My family can be traced back to the 1300s, living at that time in Somerset, England. They were a religious and industrious lot, with families of about 12 to 14 children.
Restless and looking for a better life in the 1700s and 1800s the Sage family started to spread its wings. One named James Sage, had it forced upon him, he was working for the king in a bakery in London, and was ‘fitted up’ with a crime he may not have even done. He was sent to America, however this did not deter the brave soul. After London, his hatred for the English made him fight for another cause. He fought for Washington and was awarded for his valour. He married a younger bride and they moved to Elk Creek, Grayson County, Virginia. He bought a parcel of land for himself and his growing family. He had married Lovace who was born in 1749. His strong bride went on to live until her 99th year. They had 18 children.
Their lives were marred by tragedy, when Caty their daughter was five years old she was abducted by a thief with a score to settle; James her father, had earlier found him horse stealing, and had him run out of town. Their beloved daughter vanished. Years passed, and although her father still had a strong belief she was alive they did not find her. They had searched and questioned people, then a breakthrough came, many years later, her brother visiting another town talked to a man who mentioned he had seen a woman who so resembled him. “Did you have a sister?” he asked, it was then established they would go to the Indian reservation and find the woman he had seen. Caty had been found.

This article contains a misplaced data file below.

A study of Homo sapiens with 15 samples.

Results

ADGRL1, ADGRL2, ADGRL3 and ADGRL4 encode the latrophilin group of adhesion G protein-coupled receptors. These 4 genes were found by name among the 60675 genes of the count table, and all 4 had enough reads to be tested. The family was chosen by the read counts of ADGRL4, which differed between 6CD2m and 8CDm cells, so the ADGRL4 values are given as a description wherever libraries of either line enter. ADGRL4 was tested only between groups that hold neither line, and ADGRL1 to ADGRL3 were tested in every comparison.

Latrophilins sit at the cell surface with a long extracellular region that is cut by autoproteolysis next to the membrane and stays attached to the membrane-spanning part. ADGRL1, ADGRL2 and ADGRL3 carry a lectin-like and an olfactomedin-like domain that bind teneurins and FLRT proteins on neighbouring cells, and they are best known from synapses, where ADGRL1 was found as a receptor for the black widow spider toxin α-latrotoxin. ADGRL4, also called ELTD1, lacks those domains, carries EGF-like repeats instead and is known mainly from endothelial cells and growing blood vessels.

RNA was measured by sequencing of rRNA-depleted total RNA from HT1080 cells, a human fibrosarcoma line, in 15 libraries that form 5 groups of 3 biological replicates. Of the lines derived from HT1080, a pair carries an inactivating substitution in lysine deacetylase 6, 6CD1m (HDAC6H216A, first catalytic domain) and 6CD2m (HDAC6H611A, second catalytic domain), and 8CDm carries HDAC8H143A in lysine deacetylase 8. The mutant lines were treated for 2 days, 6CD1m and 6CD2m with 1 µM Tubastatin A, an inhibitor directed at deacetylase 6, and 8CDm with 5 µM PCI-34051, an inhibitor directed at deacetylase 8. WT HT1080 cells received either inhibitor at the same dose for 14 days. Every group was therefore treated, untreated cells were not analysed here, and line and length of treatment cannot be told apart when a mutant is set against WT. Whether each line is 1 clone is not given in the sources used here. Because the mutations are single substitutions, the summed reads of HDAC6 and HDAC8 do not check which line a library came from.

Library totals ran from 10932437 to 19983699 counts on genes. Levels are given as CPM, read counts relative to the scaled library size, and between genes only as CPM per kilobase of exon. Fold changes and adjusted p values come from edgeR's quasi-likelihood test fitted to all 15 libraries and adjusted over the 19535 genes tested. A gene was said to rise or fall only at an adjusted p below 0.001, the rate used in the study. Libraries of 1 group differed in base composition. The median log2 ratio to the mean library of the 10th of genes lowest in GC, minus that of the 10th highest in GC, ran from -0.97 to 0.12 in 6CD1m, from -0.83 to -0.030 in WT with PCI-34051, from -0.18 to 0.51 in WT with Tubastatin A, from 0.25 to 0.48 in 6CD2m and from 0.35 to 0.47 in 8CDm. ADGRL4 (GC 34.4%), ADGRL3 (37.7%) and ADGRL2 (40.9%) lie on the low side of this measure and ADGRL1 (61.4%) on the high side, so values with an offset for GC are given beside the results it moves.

After some deliberation, as Caty knew no English, they discovered she had been the wife of three Indian chiefs, her only son had died. They discovered a birth mark on her shoulder and wrote to their mother to clarify if Caty had one. The letter came back with a resounding ‘Yes!’. The rather sad ending was as they began the longed for journey home to see her mother suddenly Caty became ill, caught pneumonia and died.
Our Canadian clan also had many adventures. Leaving Somerset to make his fortune was Jesse Sage, the first to venture there. He took his new wife, Sarah, with him in the year 1838, and he had two sons. Unfortunately Sarah died and Jesse had her body put in a barrel of whiskey, sealed it, and sailed back to England to bury her in Somerset.
He then married his wife’s cousin (who was related to Mary Queen of Scots) and returned to Canada. He had two daughters; his second wife was also named Sarah. Jesse was hard working and settled well in Ontario building homes in Brantford. They raised the finest cattle in the county and were very successful. In the end three brothers settled in Canada: Jesse, Walter and George. Walter was married twice and had five children from each marriage. George was married four times.
George’s son John Bloomfield Sage was a school trustee. On December 21, 1880 with a £100 he had for a horse and £443, (school money) he rode into town. Unfortunately he got into a snooker game, drank too much and the money he had was noticed by his companions. John disappeared that day. His body was found some days later in the river. A dying man confessed to the murder. He said he got into a quarrel with John and killed him with a billiard cue. However, this was later denied by others, so we don’t really know what really happened, but it’s true the wild lapse into drinking and eating oysters at the bar, and playing snooker , was his downfall.
I think we have a few in the family who inherited that trait. Not to me, but have seen similar behaviour! I think it is in the genes. However, I would like to think the adventurous spirit, and the wanderlust is something that has been passed down to me. For that I thank them.